Trees for Himalayan Forests

Pakyong, Sikkim, India

Project Adopted by ADS Group for FY 2017-18

Target Completed
Project Purpose
Trees for the Himalayas


The plantation of 15,000 trees is being done in Pakyong, East Sikkim, located in the foothills of the Himalayas. The region shares borders with Bhutan and Tibet.


Enhancement of


Carbon Sequestration

Promotion of


Plantation of

Herbal Trees

Increase in

Green Cover

Generation of

Rural Employment

Why Trees?

Sikkim, against the backdrop of the Himalayas, has a rich and dense variety of flora and fauna which is under the threat of being depleted because of large-scale infrastructure development in the State. 15,000 trees planted in the areas hit by deforestation, either due to natural or man-made causes, aim to revitalize the state's former green reputation and protect the varied species of animals that are unique to the Sikkim ecosystem.

India owns two biodiversity hotspots, namely the Western Ghats and Eastern Himalayas. Sikkim covers just 0.2% of the geographical area of the country but is teeming with a variety of biodiversity.

Sikkim is a hilly state with deep valleys and several altitudinal zones, thus climate varies from hot tropical valleys to alpine cold. The State is endowed with rich floral and faunal diversity. The forests abound in a variety of medicinal plants, herbs, shrubs, bamboo, and trees growing abundantly but a majority of the high-altitude plants that grow here are rare and endangered species.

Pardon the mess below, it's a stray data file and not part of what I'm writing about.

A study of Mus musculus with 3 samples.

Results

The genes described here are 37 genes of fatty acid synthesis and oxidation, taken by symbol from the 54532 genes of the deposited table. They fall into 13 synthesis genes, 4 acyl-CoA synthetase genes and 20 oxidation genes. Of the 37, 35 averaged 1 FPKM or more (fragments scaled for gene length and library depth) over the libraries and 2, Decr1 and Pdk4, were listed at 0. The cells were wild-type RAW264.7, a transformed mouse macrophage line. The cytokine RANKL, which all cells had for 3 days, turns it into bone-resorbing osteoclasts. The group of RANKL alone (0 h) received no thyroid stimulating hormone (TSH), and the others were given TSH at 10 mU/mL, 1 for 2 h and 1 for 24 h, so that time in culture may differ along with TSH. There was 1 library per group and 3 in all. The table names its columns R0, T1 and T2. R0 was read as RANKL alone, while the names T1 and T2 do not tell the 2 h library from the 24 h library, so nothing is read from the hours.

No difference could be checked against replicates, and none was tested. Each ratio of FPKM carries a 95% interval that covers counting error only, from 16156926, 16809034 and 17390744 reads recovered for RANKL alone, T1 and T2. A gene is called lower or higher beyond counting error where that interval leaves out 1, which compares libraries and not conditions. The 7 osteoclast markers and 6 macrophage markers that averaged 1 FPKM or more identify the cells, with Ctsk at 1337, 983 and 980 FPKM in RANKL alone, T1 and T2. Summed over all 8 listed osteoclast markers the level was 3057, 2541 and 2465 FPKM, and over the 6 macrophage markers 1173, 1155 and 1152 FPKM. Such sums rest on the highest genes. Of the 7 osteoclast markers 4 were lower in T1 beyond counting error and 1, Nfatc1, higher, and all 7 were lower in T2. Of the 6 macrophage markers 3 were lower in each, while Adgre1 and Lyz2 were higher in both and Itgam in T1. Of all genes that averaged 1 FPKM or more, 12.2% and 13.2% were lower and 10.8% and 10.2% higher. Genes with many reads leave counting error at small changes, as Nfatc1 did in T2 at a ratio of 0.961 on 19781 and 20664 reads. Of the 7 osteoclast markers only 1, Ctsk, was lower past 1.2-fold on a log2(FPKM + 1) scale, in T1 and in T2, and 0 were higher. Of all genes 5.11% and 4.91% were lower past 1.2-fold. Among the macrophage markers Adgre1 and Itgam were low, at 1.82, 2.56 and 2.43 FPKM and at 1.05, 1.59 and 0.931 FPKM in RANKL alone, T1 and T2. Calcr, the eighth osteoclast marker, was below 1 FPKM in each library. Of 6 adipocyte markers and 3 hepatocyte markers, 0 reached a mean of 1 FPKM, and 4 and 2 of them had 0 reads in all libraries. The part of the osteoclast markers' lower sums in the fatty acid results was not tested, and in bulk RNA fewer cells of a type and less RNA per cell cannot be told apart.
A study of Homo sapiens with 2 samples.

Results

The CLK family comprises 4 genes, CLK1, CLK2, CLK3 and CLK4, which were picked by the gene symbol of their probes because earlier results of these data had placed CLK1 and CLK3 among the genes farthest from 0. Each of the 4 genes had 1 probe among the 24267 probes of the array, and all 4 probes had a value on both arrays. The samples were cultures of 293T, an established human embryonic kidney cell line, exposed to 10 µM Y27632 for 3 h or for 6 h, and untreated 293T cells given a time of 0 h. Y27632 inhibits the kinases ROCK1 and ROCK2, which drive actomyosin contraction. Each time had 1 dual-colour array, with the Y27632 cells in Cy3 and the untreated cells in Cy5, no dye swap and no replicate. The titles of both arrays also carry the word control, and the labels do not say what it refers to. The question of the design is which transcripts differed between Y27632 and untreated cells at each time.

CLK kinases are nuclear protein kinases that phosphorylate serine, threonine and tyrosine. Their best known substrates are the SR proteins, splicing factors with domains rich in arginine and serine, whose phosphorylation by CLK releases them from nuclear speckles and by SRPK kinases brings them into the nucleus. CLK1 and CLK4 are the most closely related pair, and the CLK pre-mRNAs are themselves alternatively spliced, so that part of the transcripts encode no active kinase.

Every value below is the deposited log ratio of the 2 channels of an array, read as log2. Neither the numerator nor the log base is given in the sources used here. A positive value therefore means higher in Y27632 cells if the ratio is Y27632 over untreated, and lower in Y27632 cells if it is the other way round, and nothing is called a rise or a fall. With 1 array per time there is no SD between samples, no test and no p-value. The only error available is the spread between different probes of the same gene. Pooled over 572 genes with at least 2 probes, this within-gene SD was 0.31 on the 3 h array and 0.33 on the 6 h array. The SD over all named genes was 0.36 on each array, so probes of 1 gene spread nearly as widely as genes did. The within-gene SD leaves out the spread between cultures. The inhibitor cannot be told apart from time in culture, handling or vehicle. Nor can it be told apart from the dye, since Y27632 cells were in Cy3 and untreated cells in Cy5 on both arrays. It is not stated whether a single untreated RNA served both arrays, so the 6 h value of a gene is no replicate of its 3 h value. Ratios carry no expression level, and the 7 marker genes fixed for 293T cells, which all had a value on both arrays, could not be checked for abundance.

Tree Species

Englehardtia spicata (Mahuwa), Macaranga nepalensis (Malata), Acer campbelli (Kapasi), Duabanga sonneratoides (Lampatey), T. myriocarpa,Terminalia alata, Symingtonia populnea, Bischofnia javanica.

Social Impact

The plantation proposed is of the indigenous species available in the area which would have a positive impact on the floral biodiversity and will improve the habitat for the fauna of the area. It is expected to generate more than 1,200 employment workdays for the local communities. The plantation of trees will help regulate the flow of water from the mountains to people who live downstream, this would avoid flooding in the strong monsoon season.

Since the proposed area is Reserve Forest, the likely social impact would be in terms of indirect benefits like increased carbon sequestration due to improvement in forest cover, increased soil-moisture conservation, etc.

Trees planted here will also incentivize eco-tourism practices in an ecologically fragile region of India in Sikkim that are home to the Himalayas with a rich diversity of wildlife and good breeding grounds for rare species of plants and trees, which are the forefront of green tourism.